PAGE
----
Hay-Herrán Treaty
(1903)
   A treaty granting the United States the right to build a canal across Panama. Signed by U.S. Secretary of State John Hay and Colombia Foreign Minister Tomás Herrán on January 22, 1903, and ratified by the U.S. Senate on March 17, 1903, the treaty was rejected by Colombia’s congress on August 12, 1903.
   By the late nineteenth century, the geopolitical necessities of international trade and a two-ocean navy combined to convince American policymakers of the need for a U.S.-controlled Isthmian canal. Through intense lobbying, agents of the bankrupt French New Panama Canal Company convinced Congress to select the Panama route. Negotiations with the Colombian government commenced shortly thereafter. The treaty provided that the canal company could sell its property to the United States, which received a 90-year lease on a six-mile strip across the Isthmus. The United States would pay $10 million and, after nine years, an annual rental of $250,000, with an option to renew the lease.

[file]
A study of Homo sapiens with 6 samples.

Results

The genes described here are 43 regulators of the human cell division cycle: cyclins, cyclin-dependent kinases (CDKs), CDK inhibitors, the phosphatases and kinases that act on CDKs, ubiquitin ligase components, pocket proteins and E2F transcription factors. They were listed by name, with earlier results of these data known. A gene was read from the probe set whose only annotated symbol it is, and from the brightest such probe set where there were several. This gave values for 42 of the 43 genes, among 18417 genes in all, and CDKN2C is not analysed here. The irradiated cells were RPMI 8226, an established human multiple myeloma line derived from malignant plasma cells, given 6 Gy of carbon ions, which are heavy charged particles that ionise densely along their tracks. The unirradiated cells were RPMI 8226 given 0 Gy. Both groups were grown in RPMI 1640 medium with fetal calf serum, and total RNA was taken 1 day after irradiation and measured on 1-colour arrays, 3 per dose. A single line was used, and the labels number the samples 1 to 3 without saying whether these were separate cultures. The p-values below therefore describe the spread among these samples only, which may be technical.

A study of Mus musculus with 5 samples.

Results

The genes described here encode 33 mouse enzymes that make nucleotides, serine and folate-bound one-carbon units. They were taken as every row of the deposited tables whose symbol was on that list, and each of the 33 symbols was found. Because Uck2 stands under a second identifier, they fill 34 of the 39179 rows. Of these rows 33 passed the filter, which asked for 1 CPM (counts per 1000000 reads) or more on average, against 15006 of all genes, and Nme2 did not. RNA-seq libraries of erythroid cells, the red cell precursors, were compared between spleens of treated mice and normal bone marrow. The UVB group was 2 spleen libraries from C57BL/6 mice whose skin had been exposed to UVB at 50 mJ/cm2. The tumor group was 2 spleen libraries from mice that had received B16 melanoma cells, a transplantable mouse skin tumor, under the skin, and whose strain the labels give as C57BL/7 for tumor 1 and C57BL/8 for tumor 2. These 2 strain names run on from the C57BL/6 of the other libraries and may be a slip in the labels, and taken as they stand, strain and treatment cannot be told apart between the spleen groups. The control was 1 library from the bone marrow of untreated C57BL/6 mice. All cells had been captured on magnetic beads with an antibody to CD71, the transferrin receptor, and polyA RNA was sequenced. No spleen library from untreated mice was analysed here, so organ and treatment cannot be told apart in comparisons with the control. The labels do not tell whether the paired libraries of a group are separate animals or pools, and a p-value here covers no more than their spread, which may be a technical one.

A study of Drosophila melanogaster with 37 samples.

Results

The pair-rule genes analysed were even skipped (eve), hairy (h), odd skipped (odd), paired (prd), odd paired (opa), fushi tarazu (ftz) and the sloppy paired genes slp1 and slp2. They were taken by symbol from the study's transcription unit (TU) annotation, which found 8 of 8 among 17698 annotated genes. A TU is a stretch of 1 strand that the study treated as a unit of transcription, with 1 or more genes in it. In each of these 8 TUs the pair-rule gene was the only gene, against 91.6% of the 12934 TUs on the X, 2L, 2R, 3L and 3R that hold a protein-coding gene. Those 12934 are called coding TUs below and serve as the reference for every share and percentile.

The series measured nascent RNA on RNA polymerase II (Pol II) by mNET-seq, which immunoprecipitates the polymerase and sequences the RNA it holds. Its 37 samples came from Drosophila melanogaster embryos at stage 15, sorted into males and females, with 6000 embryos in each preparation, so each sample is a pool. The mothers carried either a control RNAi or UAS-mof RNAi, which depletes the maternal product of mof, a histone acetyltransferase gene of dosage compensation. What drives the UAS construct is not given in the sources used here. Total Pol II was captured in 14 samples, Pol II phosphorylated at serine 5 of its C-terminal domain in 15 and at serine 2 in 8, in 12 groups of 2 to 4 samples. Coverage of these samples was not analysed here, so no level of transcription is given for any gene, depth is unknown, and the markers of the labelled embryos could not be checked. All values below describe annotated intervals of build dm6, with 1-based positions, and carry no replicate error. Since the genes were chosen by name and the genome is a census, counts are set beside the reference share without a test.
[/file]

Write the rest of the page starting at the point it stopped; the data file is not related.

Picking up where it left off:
Colombia rejected the treaty, saying that it infringed on Colombian sovereignty and set an unacceptably low price for canal rights. Refusing to renegotiate, the United States allowed or assisted a revolution resulting in Panamanian independence and then quickly negotiated the Hay-Bunau-Varilla treaty.
   FURTHER READING:
    Ameringer, Charles D. “The Panama Canal Lobby of Philippe Bunau-Varilla and William Nelson Cromwell.” American Historical Review 68/2 (1963): 346–363;
    Christian L. Wiktor, ed. Unperfected Treaties of the United States of America, 1776–1976. Vol. 3. Dobbs Ferry, NY: Oceana Publications, 1977, pp. 449–463;
    Collin, Richard H. Theodore Roosevelt ’ s Caribbean: The Panama Canal, the Monroe Doctrine, and the Latin American Context. Baton Rouge: Louisiana State University Press, 1990.
   KENNETH J. BLUME

Encyclopedia of the Age of Imperialism, 1800–1914. 2014.